I started to reply to a comment from Giles in one of my previous posts and then figured it was probably worth a post on it's own. So here is the original comment from Giles:
"As a consultant, what do you tell clients looking for a collabration solution about the way all administration options are displayed to all users regardless of security profiles? Personnally, I have written a client side hack to hide all the admin options, which can be switched off if the user is an admin. "
This is one of the first comments we here from people after they have been using a Windows SharePoint Services team site. Unfortunately an "adpative" user interface, that is one that trims the options available to you based on your permissions, didn't make it in WSS 2003. That said, it has been implemented for some features in SPS 2003, for example you can't see areas you dont have permissions to and you dont see the "Site Settings" link unless you have the right permissions. In some ways this actually makes it more confusing, but bascially pure SPS functionality does trim based on your permissions, WSS functionality that is consumed within the Portal does not, for example a document library or contact list.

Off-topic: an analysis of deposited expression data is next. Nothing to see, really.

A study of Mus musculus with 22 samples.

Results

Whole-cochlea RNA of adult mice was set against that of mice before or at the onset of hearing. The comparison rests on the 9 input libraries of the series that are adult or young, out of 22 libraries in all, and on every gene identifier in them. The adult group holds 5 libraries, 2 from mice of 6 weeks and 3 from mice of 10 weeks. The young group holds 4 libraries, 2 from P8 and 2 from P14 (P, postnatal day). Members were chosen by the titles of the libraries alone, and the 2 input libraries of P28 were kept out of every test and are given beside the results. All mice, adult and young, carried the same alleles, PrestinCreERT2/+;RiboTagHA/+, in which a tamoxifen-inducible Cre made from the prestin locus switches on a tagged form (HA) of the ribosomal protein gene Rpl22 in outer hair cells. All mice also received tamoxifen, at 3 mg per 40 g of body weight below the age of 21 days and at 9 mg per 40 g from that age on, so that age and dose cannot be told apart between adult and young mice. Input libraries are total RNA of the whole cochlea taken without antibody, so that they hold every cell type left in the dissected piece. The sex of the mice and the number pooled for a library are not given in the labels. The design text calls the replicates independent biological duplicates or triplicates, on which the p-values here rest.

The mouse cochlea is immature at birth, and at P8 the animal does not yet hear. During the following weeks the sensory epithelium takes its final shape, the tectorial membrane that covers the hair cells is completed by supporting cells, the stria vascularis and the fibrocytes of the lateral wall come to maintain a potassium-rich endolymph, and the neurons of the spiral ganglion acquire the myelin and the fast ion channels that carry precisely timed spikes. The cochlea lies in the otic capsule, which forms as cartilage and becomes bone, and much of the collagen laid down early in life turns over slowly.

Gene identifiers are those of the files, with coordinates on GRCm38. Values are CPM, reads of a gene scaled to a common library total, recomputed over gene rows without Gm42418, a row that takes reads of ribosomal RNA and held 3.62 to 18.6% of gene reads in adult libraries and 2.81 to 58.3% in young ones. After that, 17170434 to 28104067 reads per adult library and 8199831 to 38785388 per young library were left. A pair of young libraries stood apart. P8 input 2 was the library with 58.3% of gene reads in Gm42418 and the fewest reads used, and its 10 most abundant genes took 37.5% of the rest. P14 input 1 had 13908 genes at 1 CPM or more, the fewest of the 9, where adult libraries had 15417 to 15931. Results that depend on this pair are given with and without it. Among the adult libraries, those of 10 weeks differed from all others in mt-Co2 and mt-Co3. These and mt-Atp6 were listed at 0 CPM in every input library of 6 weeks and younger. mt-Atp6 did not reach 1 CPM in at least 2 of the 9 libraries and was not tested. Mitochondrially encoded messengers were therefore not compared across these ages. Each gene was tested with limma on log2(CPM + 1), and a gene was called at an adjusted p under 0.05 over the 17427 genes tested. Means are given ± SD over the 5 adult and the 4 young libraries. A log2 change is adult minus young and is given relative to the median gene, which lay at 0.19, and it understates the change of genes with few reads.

The first thing I would like to say here is that this is security, and because it is security this is not something that should typically be messed with. While it is common to implement work-arounds to perceived product limitation, and that most of the time these are harmless, work-arounds when it comes to security have the potential to be very far from harmless.
So with that said, if hiding links that a user does not have access to is important to you, you have a number of options, here are a couple of the more common ones.
(Should really drop some sample code up on this, stay tuned I will dig it up....)
2. Open in frontpage and delete the links. This approach works in a number of scenarios, though is certainly not suitable in all cases. Basically this involves opening the site in Frontpage and then deleting the offending links, this of course is a "irreversible" operation (well, to the extent that you have to manual put it back in again if you decide you want it at some later date). I have commonly used this approach to remove the "Site Settings" link from Team Site horizontal navigation bars, with Administrations being given the link in their Favourites instead.
3. Implement an IIS module. I have not done one of these myself, however I worked on a project where a colleague of mine implemented one. They scare me a little because of the potential for impacting overall site performance, and are probably a little more scary from a support professionals perspective because it is server side, but they do offer and very neat, flexible and powerful option.
So, Giles, hope that answers your question, look forward to any approaches others out there may have implemented.